A U.S. Marine veteran won a 20-year fight against his homeowners’ association (HOA) to fly an American flag on his property.
Richard Oulton, a Vietnam veteran of the U.S. Marines who resides in Virginia, began his legal fight against his HOA in 1999, when the HOA told him he had to take down his flagpole because neighbors said his flag caused a disturbance to the community.
The Marine veteran took his case to court and lost his case the first time around. He took Old Glory down in 2003, but he continued to fight for his right to honor his fellow Vietnam veterans.
Oulton eventually enlisted the help of Virginia Del. John McGuire (R-Henrico County), who was also a former Navy SEAL, to get his voice heard.
After filing two appeals in court and getting approval from each of his neighbors, Oulton and McGuire were able to convince the HOA to allow the U.S. flag on the property.
“It’s one memory I’ve kept. It’s very important to me. It’s kind of a tattered now but…lot of memories,” Oulton said.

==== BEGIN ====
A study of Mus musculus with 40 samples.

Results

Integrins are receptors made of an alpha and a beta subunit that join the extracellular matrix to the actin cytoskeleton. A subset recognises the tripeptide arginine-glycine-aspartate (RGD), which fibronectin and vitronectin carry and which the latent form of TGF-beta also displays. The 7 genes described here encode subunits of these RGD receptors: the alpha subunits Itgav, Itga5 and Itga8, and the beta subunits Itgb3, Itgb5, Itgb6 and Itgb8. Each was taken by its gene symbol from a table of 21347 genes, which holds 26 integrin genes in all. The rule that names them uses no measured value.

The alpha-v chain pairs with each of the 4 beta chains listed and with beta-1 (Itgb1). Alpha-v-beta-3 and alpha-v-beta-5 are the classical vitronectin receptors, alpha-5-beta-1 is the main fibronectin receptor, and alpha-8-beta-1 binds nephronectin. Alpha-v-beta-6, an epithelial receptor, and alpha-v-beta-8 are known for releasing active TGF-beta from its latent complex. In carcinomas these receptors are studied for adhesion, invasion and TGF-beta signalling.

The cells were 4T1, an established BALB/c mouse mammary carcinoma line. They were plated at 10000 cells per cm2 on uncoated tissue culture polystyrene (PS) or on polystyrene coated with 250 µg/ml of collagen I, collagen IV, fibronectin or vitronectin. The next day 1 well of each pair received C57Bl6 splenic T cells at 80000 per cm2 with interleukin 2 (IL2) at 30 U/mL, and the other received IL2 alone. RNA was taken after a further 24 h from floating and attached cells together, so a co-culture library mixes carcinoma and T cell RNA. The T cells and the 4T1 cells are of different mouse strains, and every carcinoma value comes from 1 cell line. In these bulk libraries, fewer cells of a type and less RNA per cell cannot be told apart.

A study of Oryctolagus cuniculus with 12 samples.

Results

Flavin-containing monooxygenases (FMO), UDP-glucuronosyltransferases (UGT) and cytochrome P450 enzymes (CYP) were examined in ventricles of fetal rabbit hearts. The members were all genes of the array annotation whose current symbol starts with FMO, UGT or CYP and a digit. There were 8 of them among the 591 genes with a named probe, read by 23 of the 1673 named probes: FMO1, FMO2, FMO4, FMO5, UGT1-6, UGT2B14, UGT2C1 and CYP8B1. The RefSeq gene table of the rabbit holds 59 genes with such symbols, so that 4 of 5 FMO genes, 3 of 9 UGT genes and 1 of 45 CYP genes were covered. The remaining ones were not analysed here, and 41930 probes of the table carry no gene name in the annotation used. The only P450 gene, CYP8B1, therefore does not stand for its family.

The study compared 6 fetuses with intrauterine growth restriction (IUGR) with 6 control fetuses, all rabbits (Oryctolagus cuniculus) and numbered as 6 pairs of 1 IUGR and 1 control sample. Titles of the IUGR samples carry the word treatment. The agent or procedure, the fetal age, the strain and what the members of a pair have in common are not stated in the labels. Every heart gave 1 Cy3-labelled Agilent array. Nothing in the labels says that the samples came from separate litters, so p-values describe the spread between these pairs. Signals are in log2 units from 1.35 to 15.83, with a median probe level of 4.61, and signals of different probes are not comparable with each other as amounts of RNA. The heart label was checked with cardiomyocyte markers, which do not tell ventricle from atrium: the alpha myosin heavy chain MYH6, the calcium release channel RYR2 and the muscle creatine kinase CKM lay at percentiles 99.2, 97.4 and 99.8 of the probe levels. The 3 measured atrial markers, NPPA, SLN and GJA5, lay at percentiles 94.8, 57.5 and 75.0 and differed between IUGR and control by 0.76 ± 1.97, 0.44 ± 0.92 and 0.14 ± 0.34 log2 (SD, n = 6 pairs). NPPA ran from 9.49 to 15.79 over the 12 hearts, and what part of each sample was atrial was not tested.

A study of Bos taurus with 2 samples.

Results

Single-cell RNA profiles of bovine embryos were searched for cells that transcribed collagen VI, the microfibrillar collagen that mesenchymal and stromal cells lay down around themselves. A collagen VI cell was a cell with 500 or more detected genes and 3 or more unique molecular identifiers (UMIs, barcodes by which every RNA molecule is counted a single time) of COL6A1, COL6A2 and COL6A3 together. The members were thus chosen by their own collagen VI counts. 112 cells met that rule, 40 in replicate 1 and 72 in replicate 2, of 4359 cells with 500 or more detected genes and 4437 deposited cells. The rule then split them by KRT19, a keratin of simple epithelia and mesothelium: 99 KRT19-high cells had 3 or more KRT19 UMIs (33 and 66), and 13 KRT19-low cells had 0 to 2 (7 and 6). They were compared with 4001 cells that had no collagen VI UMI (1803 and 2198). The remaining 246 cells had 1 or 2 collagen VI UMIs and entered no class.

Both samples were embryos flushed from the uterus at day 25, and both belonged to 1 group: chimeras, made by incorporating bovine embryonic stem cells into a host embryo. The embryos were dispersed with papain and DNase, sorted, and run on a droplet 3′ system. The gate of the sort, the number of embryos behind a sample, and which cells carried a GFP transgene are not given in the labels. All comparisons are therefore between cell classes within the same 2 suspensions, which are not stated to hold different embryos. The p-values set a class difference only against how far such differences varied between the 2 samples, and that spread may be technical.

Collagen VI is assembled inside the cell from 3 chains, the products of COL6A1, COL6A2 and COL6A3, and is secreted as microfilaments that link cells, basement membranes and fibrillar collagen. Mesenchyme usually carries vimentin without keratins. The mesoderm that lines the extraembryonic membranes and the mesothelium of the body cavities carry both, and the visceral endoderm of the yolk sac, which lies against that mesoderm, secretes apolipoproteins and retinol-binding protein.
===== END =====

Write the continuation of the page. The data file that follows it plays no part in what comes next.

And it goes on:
“Our men and women in uniform oftentimes risk their life or even sacrifice their life for freedom and I think the least we can do is get a flag pole up so he can remember his brothers,” said McGuire.
Oulton will raise the American flag on a flagpole located on his property for the first time in a special ceremony in April.
Although Oulton won his fight against his HOA to display the American flag, others who had a similar problem were not as fortunate.
An Air Force veteran claimed in 2018 that he had no choice but to sell his home after his HOA fined him for displaying an American flag in a flower pot outside his condo, and the wife of a Marine had been told by her HOA in 2016 to take down her flag because it ran afoul of the HOA’s rules.